The Telecommunications Council took place in Luxembourg on 6 June 2014; I represented the UK.
The first item was a progress report from the presidency on the proposal for a directive of the European Parliament and of the Council concerning measures to ensure a high level of network and information security across the Union. (First Reading—EM6342/13). The Greek presidency opened this item by introducing its report on this dossier. They noted general support for a compromise agreement on this dossier and that Council agreed regarding an “improved” role for ENISA. A debate followed that centred on the issue of “operational co-operation”.
Poland began the debate by making a call for legislation that mandates the exchange of information between member states. Poland’s suggestion received support from Lithuania, Denmark, Estonia, Czech Republic, Slovenia, Slovakia, Bulgaria and Luxembourg.
UK rejected this approach—stressing that the position adopted by the presidency was at the absolute limit of what they could accept—and was supported in this by France, Germany, Spain, Romania, Finland, Cyprus, Sweden, Ireland, Netherlands, Belgium and Austria, with many stressing that trust could not be built by legislation.
Italy—as the incoming presidency—promised to build on the progress made by the outgoing presidency.
The Greek presidency then noted that its report already represented a compromise of the various member state positions and concluded that this position was the way forward for future work on this dossier.
The second item was a progress report on the proposal for a regulation of the European Parliament and of the Council laying down measures concerning the European single market for electronic communications and to achieve a connected continent. (First Reading—EM13562/13 and 13555/13 + ADDs 1-2). This item began with the Greek presidency noting a series of concerns expressed by member states, but there had been some progress regarding discussions. The presidency noted the conclusion of its report, in that a potential way forward was for member states to reach agreement on those parts of the package where agreement had begun to coalesce. Commissioner Kroes’ intervention indicated a view that Council should adopt a common position in July. She also stated that most member states wished to see an end to mobile roaming charges and supported intervention on net neutrality. She also recognised Council’s concerns regarding the Commission’s spectrum proposals and again asserted that they did not represent a transfer of competency. There was no formal debate and a single intervention from Estonia supporting the progress report’s conclusions. I did not intervene.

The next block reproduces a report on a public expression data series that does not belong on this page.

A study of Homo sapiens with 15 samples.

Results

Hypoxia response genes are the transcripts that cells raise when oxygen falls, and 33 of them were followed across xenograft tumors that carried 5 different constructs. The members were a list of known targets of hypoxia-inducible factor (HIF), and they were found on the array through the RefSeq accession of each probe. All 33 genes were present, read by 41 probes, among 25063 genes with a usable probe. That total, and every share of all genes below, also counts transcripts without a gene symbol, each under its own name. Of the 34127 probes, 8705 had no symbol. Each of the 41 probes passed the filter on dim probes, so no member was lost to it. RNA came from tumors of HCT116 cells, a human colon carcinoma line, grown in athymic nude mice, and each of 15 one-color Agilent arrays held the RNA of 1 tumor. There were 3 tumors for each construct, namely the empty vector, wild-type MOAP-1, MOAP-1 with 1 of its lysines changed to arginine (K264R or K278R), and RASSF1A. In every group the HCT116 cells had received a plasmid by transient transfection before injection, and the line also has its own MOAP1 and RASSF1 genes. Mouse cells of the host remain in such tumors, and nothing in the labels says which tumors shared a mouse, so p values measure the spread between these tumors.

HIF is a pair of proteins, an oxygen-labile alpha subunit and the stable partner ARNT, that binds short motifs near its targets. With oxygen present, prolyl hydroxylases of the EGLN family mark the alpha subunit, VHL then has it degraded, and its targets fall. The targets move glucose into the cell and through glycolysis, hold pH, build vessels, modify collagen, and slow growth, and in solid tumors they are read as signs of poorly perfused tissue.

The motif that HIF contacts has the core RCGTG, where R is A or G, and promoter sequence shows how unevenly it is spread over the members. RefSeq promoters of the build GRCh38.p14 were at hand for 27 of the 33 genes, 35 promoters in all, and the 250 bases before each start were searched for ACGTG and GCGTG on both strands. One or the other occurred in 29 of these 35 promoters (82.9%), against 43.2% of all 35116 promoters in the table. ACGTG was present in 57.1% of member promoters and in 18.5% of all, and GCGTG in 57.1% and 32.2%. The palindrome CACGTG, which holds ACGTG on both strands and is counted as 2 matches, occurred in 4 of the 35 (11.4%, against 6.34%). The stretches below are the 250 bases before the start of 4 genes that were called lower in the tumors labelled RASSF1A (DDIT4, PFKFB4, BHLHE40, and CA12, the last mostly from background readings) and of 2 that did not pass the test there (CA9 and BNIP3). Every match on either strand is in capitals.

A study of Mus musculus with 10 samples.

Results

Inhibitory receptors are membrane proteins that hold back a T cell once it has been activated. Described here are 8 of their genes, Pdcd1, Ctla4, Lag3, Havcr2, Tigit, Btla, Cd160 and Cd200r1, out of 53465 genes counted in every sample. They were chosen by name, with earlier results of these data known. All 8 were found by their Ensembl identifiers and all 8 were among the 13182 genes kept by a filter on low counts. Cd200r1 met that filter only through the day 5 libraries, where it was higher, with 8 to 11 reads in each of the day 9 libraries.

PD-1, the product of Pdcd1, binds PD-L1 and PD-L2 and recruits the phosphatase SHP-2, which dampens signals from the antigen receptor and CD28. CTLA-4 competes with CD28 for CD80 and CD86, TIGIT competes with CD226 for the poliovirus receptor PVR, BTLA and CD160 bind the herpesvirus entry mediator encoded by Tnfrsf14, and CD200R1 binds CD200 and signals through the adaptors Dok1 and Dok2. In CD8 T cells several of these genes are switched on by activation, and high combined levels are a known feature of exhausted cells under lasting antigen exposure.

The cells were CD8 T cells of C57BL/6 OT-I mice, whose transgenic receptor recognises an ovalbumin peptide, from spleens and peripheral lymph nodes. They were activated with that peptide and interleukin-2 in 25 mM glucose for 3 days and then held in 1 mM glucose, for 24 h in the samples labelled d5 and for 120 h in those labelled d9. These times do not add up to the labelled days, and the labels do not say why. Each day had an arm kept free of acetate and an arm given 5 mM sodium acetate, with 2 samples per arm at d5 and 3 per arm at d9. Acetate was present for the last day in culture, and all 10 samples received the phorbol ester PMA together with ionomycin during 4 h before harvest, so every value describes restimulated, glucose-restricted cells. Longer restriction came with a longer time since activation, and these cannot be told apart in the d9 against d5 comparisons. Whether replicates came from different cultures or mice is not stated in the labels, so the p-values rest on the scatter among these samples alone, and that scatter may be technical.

These items were be followed by a presentation by the Commission on the latest iteration of the digital agenda scoreboard. There were no major interventions on this item.
This was followed by three items under AOB, all updates from the presidency on: the proposal for a regulation from the European Parliament and of the Council on electronic identification and trust services for electronic transactions in the internal market. (First Reading—EM10977/12); a regulation of the European Parliament and of the Council on measures to reduce the costs of deploying high-speed electronic communication networks. (First Reading—EM7999/13); and a proposal for a directive of the European Parliament and of the Council on the accessibility to public sector bodies’ websites (First Reading—EM16006/11). There were no major interventions on any of these items.
Finally, the Italian delegation informed the Council of its priorities for its forthcoming presidency before Council adjourned until the next meeting in November 2014.